Retirement Savers' Biggest Behavioral Traps

401(k) auto-enrollment and target-date funds help to combat investors' inclinations to procrastinate and vulnerability to choice overload, says Andy Eschtruth of the Center for Retirement Research.

Christine Benz: Hi, I am Christine Benz from

The Retirement Income Industry Association has been holding its Spring Conference at Morningstar all this week. We're here today with Andy Eschtruth, he is with the Center for Retirement Research at Boston College.

Andy, thanks so much for being here.

Andy Eschtruth: Thank you, Christine. It's a pleasure.

Benz: So the center has conducted a lot of fascinating research into the area of behavioral finance, and specifically how it affects retirement-related decision making.

I'd like start with the area of retirement accumulation, so people who are saving for retirement. What are some of the key behavioral traps that you see this group falling into?

Eschtruth: Well, there is a great one, and there is a lot of good research on this that shows how it plays out. People have a reluctance to save. They have a reluctance to do things, even if they have an intention to do them. So there is a tremendous amount of inertia and procrastination. Those are behavioral barriers that prevent people from doing things that they probably would do if someone really prompted them to do it.

The most important of these is simply saving for retirement. And we found that people outside of a company-sponsored pension plan, they normally won't save for retirement on their own. So when they're inside a company plan, and most people have access to a 401(k), it's really important for them to take advantage of that. And another thing they get out of participating in a 401(k) is generally there's an employer match for their own contributions. So if they're failing to join the 401(k), they're not only failing to lock away some of their own money, they are actually forgoing a raise--they are leaving money on the table that the employer would throw into the pot.

So, one of the ways around this, which has worked very successfully, is a movement towards something called "automatic enrollment." And within 401(k) plans, five or six years ago this was just barely being introduced, and it's had great success, and a number of plans have adopted it. There's still a long ways to go; there are still many particularly smaller plans that haven't gotten into this yet. But if you take automatic enrollment--and that's just the first step to a fully automated plan--if you take automatic enrollment, you boost your participation rate substantially, and what automatic enrollment does is it simply, when someone signs up, joins the company, it automatically puts you in a 401(k) plan.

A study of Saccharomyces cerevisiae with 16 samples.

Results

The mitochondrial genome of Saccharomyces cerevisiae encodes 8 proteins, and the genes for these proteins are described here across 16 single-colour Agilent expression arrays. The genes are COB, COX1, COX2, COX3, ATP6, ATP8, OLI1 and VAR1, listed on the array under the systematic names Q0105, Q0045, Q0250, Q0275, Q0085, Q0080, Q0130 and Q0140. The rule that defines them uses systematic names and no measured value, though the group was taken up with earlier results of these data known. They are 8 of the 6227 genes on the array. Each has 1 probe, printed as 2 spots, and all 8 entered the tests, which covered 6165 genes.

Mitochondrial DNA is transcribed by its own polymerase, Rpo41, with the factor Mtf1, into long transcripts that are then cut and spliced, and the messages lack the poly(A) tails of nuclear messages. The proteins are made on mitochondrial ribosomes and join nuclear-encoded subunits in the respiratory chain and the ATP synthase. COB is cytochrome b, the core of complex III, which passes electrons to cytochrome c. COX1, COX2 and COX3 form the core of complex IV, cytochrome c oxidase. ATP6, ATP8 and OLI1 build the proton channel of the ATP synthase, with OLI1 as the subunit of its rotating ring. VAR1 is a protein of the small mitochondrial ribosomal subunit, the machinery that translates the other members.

The old-fashioned way is people would come in, and they'd have to go to HR and fill out a form. I know that sounds really simple going to HR and filling out a form, but a fairly significant percentage of people would fail to do that one simple act.

So just getting people to fill out the form, automatically putting them in the plan allows that savings to start immediately coming out of their paycheck. When you couple that with something called auto-escalation, that lets them increase their savings over time. So maybe you start them at 3% of their salary, and then the next year--maybe on the anniversary of their hire date--they go up to 4%. And the next year, they go up to 5%. And there's some reasonable ceiling in there, but at some point in their savings behavior, they get more used to saving and saving a little more. If it coincides with a salary increase, they're more likely to stick with it because they're not seeing their overall income go down in their paycheck. So those two mechanisms are really very powerful.

And there is one beautiful thing that I love about automatic approaches is that they still leave people the freedom to do whatever they want.